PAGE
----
Doug Ford said Friday he’s working with Ontario’s outgoing Liberals to ensure a smooth transition to power — a process he said would take three weeks, involve the help of those who’ve worked at the federal level and see the formation of a strong Progressive Conservative cabinet.
The premier-designate, who secured a majority a day earlier with a slew of populist promises, said his first order of business would be to scrutinize the province’s books.
“We have to see the financial situation that’s been left behind, and over the next couple days and weeks you’re going to hear from us, but the most important thing is getting our fiscal house in order,” Ford said. “We’ll be out looking for an auditing firm to go into the province to go line item by line item. I always believe in third party validation.”
Once the audit is complete, Ford said he planned to address many of the promises he made during the election campaign, including lowering taxes, cutting hydro rates, and eliminating the cap-and-trade system.
Ford’s transition team, which will help him segue into power over 21 days, includes former Conservative MP John Baird, a past chief of staff in former prime minister Stephen Harper’s government, and an executive at the Ford family business.
“We have already hit the ground running,” Ford said. “We have begun work right away on setting up the premier’s office, establishing a cabinet and implementing the machinery of a new government.”
Ontario’s lieutenant-governor met with Ford on Friday afternoon, inviting him to form government.
The Tories secured 76 ridings, the NDP got 40 and the Liberals were reduced to seven seats in Thursday’s vote. Green Party Leader Mike Schreiner captured the party’s first-ever seat in Ontario.
The NDP’s position as the Official Opposition marks a turnaround for the party consistently stuck in third place since Bob Rae’s New Democratic government was defeated in 1995. Party leader Andrea Horwath said Friday that Ontarians have chosen her New Democrats to keep Ford accountable.
“Our ideas are quite different and Mr. Ford’s plan to cut all those taxes for the richest people in Ontario is going to put a big hole in our finances,” she said. “I’m hopeful that Mr. Ford understands that we need revenues in our province to pay for the kinds of things that people expect a government to provide.”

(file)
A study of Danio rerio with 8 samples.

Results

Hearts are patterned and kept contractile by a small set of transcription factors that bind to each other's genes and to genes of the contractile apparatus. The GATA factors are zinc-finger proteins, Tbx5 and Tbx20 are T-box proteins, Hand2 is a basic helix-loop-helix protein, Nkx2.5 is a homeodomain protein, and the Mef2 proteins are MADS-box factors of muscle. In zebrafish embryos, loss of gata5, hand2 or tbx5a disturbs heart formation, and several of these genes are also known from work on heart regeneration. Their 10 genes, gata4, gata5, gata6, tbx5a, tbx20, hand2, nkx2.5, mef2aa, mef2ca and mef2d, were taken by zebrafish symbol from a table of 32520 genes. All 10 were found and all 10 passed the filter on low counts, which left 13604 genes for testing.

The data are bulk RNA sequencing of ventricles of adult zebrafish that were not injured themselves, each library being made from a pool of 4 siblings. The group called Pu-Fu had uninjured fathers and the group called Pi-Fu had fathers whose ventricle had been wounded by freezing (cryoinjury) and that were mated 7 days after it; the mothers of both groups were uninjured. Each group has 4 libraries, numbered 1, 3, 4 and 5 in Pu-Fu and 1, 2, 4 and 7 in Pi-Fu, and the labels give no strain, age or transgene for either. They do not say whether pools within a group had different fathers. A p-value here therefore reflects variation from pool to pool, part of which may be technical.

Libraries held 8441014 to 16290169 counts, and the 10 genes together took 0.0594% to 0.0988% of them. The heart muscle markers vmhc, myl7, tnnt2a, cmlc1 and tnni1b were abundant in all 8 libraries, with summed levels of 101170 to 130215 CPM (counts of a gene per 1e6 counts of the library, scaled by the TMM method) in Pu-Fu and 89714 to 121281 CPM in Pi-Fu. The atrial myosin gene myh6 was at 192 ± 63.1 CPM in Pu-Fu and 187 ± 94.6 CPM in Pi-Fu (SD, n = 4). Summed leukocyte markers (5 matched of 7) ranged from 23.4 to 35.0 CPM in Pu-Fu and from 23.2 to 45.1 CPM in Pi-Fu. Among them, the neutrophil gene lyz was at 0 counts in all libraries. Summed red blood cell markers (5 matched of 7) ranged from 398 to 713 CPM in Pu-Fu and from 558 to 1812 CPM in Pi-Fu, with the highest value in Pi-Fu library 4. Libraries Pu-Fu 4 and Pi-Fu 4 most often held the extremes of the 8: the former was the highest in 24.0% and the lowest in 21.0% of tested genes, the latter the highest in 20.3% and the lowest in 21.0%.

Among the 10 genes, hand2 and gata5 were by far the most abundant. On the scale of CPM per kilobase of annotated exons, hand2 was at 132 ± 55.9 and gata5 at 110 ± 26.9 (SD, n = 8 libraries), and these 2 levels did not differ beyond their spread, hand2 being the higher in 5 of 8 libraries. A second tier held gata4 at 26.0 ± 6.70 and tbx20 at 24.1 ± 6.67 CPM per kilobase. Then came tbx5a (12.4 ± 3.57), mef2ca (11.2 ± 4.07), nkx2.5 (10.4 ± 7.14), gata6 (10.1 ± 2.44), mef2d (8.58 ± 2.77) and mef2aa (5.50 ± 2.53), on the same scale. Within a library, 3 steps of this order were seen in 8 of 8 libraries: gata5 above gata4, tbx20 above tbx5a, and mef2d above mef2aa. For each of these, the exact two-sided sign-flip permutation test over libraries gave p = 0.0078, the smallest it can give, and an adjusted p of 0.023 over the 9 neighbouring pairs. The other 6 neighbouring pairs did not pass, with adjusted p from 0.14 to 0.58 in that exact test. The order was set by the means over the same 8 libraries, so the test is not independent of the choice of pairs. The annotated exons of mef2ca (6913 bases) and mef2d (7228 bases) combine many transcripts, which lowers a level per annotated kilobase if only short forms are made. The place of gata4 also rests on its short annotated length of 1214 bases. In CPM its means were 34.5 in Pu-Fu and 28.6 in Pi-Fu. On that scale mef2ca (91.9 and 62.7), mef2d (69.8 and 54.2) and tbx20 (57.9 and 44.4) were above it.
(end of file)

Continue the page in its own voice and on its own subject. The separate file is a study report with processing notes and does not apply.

Ford was frequently accused during the election campaign of failing to be transparent by dodging calls to release a fully costed platform. The party eventually published a list of promises and their price tags, but didn’t indicate how they would pay for them, what size of deficits they would run or for exactly how long.
The premier-designate said Friday that he planned to live up to his pledges, including to repeal the Liberals’ updated sex-ed curriculum.
“What we say we’re going to do, we’re going to do. We aren’t going to flip-flop,” he said. “We want to make sure over the next four years that our mandate gets fulfilled based on the people voting us in.”
Ford declined, however, to discuss specifics when asked about the timing of the sex-ed curriculum being repealed, as well as when and how he would scrap the cap-and-trade program, or if he will introduce back-to-work legislation to end a months-long strike at York University in Toronto.
He emphasized ties with the federal government on Friday, saying he had spoken with Justin Trudeau and told the prime minister he stood with him in a trade dispute with the United States.
Trudeau and U.S. President Donald Trump have exchanged tough words after the U.S. imposed hefty tariffs on steel and aluminum from Canada, Mexico and Europe. Canada has countered with a plan to impose tariffs of its own on U.S. metals and other consumer goods.
“I talked to the prime minister yesterday,” Ford said. “I said we’ll stand united against our neighbours to the south and I’m very sincere when I say that. United we stand as a country and I’ll work hand in hand with the prime minister.”
Meanwhile, Ford would not say if he will lower the legislature’s threshold for official party status to accommodate the Liberals, who were decimated at the polls. The bar is currently eight seats.
Premier Kathleen Wynne, who resigned as Liberal leader after her party’s defeat, told reporters Friday that she will work closely with Ford’s team to ensure a smooth transition.
“Obviously it was a hard night for us,” she said of the Liberal loss. “I feel very proud of the work that all of our candidates did across the province.”
Choking back tears, Wynne said the true joy of the premier’s job is breaking free of the “jaded view” some have in politics and seeing first-hand how people are working to make the world better.
Wynne, Ontario’s first female premier, said she would “absolutely” recommend the job to little girls, despite the difficulties of the role.
“It’s certainly one of the best jobs in this country,” she said. “I have been able to work with so many amazing people. I tried to talk about those people last night, people across this province who are doing amazing things.”